Our School Saints
We are very proud to have 2 saints as our patrons: St Gregory and St Patrick.
St Gregory’s feast day is September 3rd so sometimes we aren’t in school to celebrate with the children. However, since St Gregory is the patron saint of teachers, we make sure all the staff reflect on him and his work as we prepare for the coming year.
St Patrick’s feast day is March 17th and it’s a special day for us to celebrate together.
In Key Stage One we find out more about each Saint; their lives and what we can learn from them. Year 1 learn about St Patrick and Year 2 about St Gregory.
We think it’s important that our children know about other very important people so in the Early Years, we focus on Jesus and Mary too. Nursery learn about Jesus and his life and Reception learn about Mary. Pre Nursery share lots of stories from both the Old and New Testament to let them hear about God and Jesus and all the wonderful things they do. In this way, our children’s knowledge and understanding of the roles of saints and special people is a true progression and a firm foundation on which they can build as they move on.
Pope Saint Gregory I, also known as the Great, was the Pope of the Catholic Church between 590 and 604 AD.
Gregory was born around 540 in Rome into a family of great wealth and influence. He was well educated and excelled in all his studies. He also became an expert in law. He excelled so much he became the Prefect of Rome, just as his father had been. Gregory was only 33 years old.
After Gregory's father had died, Gregory had the family villa in Rome converted into a monastery. In 590, Pope Pelagius II died, and Gregory was proclaimed pope by acclamation. This was not something Gregory wanted, but he accepted the burden nevertheless.
Gregory made clear he preferred the monastic life. He also referred to himself as a servant of God. Pope Gregory was famous for the emphasis he put on missionary work. He sent many people out to bring many to Jesus and into the Church. Anglo-Saxon Britain was, at that time, still on the frontier of Christendom. It was Pope Gregory who sent St. Augustine to Kent in 597
Pope Gregory was well known for his aid to the poor, and he gave quite generously of the riches donated to the Church by the wealthy people of Rome. Everything from money to land was given to the poor in some fashion. He made clear to the people who worked for him that their duty was to relieve the distress faced by the poor.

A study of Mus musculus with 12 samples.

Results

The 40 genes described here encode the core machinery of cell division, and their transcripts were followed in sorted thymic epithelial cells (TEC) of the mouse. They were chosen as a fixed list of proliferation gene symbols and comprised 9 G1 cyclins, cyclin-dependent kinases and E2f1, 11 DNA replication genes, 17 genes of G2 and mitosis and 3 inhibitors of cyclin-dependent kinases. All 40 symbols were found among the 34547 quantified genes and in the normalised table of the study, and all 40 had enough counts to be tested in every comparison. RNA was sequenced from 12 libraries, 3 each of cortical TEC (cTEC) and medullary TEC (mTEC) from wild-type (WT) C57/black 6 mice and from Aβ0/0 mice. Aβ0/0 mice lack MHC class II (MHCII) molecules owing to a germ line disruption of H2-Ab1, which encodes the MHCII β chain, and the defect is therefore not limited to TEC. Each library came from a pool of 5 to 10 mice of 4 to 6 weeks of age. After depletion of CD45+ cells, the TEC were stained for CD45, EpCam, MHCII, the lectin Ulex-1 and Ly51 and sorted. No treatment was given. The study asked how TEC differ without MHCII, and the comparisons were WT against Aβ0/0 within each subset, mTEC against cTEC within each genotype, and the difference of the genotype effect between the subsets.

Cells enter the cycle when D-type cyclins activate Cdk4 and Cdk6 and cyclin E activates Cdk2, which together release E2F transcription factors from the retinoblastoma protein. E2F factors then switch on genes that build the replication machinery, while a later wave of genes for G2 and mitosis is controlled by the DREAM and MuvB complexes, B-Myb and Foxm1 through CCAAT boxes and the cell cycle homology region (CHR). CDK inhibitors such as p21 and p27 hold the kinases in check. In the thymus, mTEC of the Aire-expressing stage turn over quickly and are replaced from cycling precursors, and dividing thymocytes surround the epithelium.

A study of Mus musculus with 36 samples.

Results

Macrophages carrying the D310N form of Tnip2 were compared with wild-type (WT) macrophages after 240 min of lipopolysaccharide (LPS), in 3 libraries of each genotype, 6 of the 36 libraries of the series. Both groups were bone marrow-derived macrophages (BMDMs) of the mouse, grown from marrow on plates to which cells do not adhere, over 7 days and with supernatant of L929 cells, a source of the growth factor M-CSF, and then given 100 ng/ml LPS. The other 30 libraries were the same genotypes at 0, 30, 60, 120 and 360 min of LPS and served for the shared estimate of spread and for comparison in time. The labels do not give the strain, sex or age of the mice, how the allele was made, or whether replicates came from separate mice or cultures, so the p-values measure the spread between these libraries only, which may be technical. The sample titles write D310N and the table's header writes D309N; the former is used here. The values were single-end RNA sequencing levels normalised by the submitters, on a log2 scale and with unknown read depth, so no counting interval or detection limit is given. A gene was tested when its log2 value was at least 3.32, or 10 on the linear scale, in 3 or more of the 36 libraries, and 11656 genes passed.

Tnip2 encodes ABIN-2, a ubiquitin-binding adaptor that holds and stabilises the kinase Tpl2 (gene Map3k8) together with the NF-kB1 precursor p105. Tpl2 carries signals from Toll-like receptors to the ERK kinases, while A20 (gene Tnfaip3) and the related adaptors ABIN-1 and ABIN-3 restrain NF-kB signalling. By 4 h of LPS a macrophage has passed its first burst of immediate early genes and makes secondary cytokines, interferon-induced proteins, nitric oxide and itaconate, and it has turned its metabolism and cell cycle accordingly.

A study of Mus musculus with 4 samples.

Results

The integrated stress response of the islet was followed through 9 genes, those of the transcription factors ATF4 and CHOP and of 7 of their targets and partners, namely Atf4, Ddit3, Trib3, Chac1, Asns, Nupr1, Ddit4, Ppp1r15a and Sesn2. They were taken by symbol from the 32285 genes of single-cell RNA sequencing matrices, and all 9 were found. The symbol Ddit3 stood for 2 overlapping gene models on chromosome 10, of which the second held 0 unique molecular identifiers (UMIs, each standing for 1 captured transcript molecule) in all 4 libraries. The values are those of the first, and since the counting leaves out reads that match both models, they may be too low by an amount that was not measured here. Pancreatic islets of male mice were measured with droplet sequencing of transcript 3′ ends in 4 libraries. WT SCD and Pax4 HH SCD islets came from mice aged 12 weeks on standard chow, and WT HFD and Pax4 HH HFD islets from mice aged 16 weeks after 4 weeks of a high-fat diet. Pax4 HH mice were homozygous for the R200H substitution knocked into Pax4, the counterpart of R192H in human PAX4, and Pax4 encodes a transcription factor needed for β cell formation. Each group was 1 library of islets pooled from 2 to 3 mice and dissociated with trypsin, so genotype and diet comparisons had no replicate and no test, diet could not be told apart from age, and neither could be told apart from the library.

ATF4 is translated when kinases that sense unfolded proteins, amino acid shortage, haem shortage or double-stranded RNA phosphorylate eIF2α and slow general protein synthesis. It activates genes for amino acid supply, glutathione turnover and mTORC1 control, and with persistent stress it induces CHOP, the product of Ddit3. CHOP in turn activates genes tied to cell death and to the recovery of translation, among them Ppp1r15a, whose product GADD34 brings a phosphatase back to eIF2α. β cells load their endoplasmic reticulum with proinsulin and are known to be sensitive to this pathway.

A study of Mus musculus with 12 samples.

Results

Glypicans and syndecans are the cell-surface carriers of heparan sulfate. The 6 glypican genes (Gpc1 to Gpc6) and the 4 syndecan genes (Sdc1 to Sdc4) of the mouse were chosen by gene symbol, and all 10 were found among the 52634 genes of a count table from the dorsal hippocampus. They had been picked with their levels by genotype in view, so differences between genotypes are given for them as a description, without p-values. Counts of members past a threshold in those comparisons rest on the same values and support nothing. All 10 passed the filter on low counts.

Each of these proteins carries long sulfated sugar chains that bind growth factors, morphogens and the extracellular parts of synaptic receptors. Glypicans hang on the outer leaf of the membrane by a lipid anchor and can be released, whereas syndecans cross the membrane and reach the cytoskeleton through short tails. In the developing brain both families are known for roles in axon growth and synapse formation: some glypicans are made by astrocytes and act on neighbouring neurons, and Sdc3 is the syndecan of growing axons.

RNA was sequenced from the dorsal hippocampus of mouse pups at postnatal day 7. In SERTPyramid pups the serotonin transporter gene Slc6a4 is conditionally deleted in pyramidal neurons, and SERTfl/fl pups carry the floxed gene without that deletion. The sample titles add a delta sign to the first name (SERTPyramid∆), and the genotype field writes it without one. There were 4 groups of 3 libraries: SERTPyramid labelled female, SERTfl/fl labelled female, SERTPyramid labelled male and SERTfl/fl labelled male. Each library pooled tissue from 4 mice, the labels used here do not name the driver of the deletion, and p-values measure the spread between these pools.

He ordered his clergy to go out into the streets to find and care for the poor in person. Any clergy who were unwilling to go into the streets and help the poor were replaced.
When a famine struck Rome in the 590s, Pope Gregory ordered the Church to use its assets to feed the poor. At that time, the Church controlled nearly two thousand square miles of land, overseen by the clergy and used to generate income. Now, instead of selling the produce of the land, Pope Gregory ordered it shipped to Rome and given away for free. In this way, he saved thousands of people from certain death. St Gregory inspires us to do lots of work collecting food for foodbank (See our outreach page).
Pope Gregory himself refused to eat until his monks returned from their work of handing out food. He also made certain to dine with a dozen poor people at each meal.
Pope Gregory suffered from arthritis in his last years. He died on March 12, 604 AD. He was immediately proclaimed a saint by means of popular acclaim. Saint Gregory's relics remain in St. Peter's Basilica to this day.
He is the patron saint of musicians, singers, students, and teachers.
St. Patrick of Ireland is one of the world's most popular saints. He was born in Roman Britain and when he was fourteen or so, he was captured by Irish pirates during a raiding party and taken to Ireland as a slave to herd and tend sheep. Patrick turned to God and wrote his memoir, The Confession. In The Confession, he wrote:
"The love of God and his fear grew in me more and more, as did the faith, and my soul was rosed, so that, in a single day, I have said as many as a hundred prayers and in the night, nearly the same. I prayed in the woods and on the mountain, even before dawn. I felt no hurt from the snow or ice or rain."
Patrick's captivity lasted until he was twenty, when he escaped after having a dream from God in which he was told to leave Ireland by going to the coast. There he found some sailors who took him back to Britain and was reunited with his family.
A few years after returning home, Patrick was ordained a priest and was later ordained a bishop and sent to take the Gospel to Ireland. Patrick was able to convert the chieftain and preach the Gospel throughout Ireland. There, he converted many people -eventually thousands - and he began building churches across the country. He often used shamrocks to explain the Holy Trinity and entire kingdoms were eventually converted to Christianity after hearing Patrick's message.
Patrick preached and converted all of Ireland for 40 years. He worked many miracles and wrote of his love for God in Confessions. After years of living in poverty, traveling and enduring much suffering he died March 17, 461.
In His Footsteps:
Patrick was a humble, pious, gentle man, whose love and total devotion to and trust in God should be a shining example to each of us. So complete was his trust in God, and of the importance of his mission, he feared nothing -not even death.
"The Breastplate," Patrick's poem of faith and trust in God:
"Christ be within me, Christ behind me, Christ before me, Christ beside me, Christ to win me, Christ to comfort and restore me, Christ beneath me, Christ above me, Christ inquired, Christ in danger, Christ in hearts of all that love me, Christ in mouth of friend and stranger."